The Value of Building Consumer Trust

July 23, 2016

Hungry for Truth Opens the Conversation on Food and Farming With Consumers

Launched in January 2015, Hungry for Truth is an initiative by the South Dakota Soybean Research and Promotion Council (SDSRPC) to facilitate conversations between farmers and their fellow South Dakotans. They’re putting it all on the table to have open and honest conversations about how our food is produced and its safety.

The Power of the Consumer

Farmers are a trusted information source for consumers and can be counted on to answer questions.

“We sat down and looked at all the things that affect our producers. We found a big concern was consumers’ perceptions about agriculture, food and farming,” says SDSRPC Chairman Marc Reiner. “The impact of consumer input on how our food is grown and raised is only going to grow. Hungry for Truth is designed to answer those questions from consumers to help them feel more comfortable with what they’re putting on their tables.”

Jerry Schmitz answered consumer questions about food and farming in his appearance on KDLT in the Kitchen, a morning show sponsored by Hungry for Truth on the Sioux Falls TV station KDLT.

Jerry Schmitz answered consumer questions about food and farming in his appearance on KDLT in the Kitchen, a morning show sponsored by Hungry for Truth on the Sioux Falls TV station KDLT.

Hungry for Truth focuses on starting a dialogue with consumers, sharing valuable information and providing honest answers, as well as allowing them to bring up concerns. This also helps farmers be better advocates for agriculture and agricultural practices. The more they understand what consumers want to know, the better they can participate in meaningful conversations, educate and encourage trust in our food system.

What Consumers Want to Know

Consumers want to know the food they purchase at the grocery store is safe and nutritious for them and their families, regardless of what marketing claim might be on the label. Hungry for Truth shares information on current food safety topics to help families make informed decisions. The most common concerns are around GMOs and biotechnology, pesticide use, sustainability, and hormones and antibiotics.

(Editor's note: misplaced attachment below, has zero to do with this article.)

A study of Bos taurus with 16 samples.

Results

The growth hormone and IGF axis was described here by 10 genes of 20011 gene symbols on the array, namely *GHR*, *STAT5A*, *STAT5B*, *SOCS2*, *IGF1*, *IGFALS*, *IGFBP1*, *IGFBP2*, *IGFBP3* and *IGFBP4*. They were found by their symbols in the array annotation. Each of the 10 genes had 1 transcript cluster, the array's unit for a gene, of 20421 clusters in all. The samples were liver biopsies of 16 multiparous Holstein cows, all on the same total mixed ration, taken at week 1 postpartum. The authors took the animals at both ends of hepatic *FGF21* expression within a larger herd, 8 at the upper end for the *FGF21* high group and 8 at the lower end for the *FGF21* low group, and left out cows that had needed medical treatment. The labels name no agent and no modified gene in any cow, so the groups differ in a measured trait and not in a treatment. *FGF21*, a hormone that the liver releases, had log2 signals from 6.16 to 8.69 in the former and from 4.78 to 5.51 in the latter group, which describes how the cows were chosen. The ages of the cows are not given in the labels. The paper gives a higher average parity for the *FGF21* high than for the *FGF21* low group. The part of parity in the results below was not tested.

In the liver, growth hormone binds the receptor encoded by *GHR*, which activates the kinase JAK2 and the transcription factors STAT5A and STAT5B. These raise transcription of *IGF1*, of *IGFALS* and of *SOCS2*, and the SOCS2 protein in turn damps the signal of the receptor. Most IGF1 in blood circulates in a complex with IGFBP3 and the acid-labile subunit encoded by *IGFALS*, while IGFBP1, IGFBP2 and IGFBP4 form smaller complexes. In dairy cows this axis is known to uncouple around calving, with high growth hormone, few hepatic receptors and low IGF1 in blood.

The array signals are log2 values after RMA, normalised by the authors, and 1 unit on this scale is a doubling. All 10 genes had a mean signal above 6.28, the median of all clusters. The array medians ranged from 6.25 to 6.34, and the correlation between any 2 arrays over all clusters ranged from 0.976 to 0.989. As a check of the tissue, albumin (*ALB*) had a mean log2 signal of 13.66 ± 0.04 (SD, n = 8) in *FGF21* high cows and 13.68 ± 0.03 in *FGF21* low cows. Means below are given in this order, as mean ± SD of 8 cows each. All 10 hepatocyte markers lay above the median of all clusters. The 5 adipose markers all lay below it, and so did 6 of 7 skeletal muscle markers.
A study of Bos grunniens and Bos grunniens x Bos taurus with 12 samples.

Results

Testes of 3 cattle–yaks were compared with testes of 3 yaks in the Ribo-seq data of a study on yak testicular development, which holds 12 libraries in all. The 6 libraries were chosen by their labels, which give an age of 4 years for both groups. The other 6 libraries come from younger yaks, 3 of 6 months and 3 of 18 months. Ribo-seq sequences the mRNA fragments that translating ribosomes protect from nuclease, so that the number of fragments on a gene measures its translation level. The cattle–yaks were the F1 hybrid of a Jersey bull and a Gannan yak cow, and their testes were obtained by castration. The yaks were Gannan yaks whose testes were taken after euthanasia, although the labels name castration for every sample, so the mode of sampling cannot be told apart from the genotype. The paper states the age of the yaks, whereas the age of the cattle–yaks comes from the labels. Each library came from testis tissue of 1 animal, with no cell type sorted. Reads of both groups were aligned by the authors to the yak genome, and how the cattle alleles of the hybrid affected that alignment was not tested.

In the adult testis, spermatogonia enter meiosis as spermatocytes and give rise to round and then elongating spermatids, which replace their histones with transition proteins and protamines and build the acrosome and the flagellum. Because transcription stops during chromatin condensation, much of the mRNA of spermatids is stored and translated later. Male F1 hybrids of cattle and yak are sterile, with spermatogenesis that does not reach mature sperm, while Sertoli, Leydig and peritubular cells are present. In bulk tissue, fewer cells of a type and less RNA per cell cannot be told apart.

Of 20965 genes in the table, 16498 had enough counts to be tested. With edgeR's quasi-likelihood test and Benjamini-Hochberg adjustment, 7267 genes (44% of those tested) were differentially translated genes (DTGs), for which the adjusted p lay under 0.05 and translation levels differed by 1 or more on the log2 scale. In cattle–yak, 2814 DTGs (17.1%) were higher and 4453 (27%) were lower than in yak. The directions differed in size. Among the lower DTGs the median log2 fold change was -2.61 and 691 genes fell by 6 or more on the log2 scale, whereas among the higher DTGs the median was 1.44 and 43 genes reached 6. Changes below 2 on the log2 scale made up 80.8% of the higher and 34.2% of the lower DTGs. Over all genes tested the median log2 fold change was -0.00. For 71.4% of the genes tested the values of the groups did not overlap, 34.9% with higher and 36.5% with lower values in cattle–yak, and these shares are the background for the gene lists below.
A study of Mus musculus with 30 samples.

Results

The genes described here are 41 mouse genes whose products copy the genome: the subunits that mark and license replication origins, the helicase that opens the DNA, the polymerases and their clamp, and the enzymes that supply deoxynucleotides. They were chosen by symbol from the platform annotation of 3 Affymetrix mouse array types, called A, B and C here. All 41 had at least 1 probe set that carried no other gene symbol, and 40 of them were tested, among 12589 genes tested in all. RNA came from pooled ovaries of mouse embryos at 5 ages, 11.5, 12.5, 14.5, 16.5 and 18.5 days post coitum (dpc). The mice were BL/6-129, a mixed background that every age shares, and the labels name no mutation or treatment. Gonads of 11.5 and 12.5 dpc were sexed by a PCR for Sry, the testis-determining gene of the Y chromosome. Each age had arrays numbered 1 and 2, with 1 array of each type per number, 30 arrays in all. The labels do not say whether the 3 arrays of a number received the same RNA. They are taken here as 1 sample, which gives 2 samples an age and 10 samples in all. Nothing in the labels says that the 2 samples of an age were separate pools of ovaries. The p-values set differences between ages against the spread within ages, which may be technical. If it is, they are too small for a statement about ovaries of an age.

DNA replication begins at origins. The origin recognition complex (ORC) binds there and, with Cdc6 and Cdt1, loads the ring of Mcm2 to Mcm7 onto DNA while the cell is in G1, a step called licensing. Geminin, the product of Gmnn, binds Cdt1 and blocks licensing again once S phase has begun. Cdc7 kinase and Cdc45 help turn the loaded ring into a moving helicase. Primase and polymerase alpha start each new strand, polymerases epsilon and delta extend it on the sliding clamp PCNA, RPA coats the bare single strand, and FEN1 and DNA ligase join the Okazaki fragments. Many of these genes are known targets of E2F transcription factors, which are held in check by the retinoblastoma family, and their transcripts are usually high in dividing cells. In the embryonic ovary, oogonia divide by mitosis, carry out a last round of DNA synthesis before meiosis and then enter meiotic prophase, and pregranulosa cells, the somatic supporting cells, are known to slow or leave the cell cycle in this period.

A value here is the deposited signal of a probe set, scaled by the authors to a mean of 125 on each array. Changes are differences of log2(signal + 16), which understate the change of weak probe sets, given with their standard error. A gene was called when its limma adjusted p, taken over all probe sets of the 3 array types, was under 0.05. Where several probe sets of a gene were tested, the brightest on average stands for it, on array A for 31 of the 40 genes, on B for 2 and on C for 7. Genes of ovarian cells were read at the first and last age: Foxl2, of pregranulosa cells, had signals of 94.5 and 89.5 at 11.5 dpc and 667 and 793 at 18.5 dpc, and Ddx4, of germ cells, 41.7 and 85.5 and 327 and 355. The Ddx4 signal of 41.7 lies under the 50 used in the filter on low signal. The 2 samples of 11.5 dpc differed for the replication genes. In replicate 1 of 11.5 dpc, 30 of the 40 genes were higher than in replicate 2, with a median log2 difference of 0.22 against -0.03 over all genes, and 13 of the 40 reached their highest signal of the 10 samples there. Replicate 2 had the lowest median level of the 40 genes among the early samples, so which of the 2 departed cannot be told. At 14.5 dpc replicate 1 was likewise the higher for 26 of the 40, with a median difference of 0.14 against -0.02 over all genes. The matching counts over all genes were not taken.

“We care about what consumers want to know about agriculture,” says Reiner. “We want to share our story and help them understand that we work hard to provide safe and healthy food in a sustainable manner. We really care about the land and the livestock we work with every day.”

This initiative gives farmers the chance to share information about their own farms, offer their points of view and provide transparency. Hungry for Truth shares personal stories to help consumers connect to where their food comes from. It presents fact-based, reputable research about issues to ensure consumers receive credible information when making decisions.

Starting the Conversation

Consumers don’t often make regular trips to the farm, so Hungry for Truth brings the farm to them. Information can be found in a variety of places to spark conversations, raise awareness and engage consumers, such as the Sioux Empire Fair, Main Street Square events in Rapid City, online and on social media, television and billboards, and even movie theaters.

For example, Hungry for Truth hosted a Harvest Lunch last fall that brought together influential bloggers and media representatives from Sioux Falls to meet with farmers over lunch. The goal was to facilitate a conversation about food and farming and build trust with influential partners, enabling them to tell the Hungry for Truth story. This gave farmers the chance to have one-on-one conversations, sharing their farm stories.

South Dakota Soybean Association President Jerry Schmitz attended the event and had the chance to answer consumers’ questions. He was asked if the farming methods our ancestors used were better than what farmers use today.

“I was able to share how I farm and the advancements that allow today’s farmers to grow crops more sustainably and smarter than before,” says Schmitz. “It was a good chance to share how farmers use new technologies like GPS, just like consumers use new technologies in their lives.”

One-on-one conversations like these help consumers make more informed decisions and a give them a better understanding of agriculture in general.

“We reach out to a diverse group of people to have these important conversations,” Reiner says. “We make ourselves available to talk about what we do on the farm and answer questions about what consumers want to know.”

Reinforcing positive perceptions about agricultural practices and food safety requires continued conversations between producers and consumers. Hungry for Truth strives to be a continuing source of information and a place for open dialogue.

“Consumer questions will continue to evolve, just as we evolve with new technologies and practices on our farms,” Reiner says. “Sustaining this initiative allows us to continue this conversation.”

Visit to learn more about this important initiative and the farmers behind it.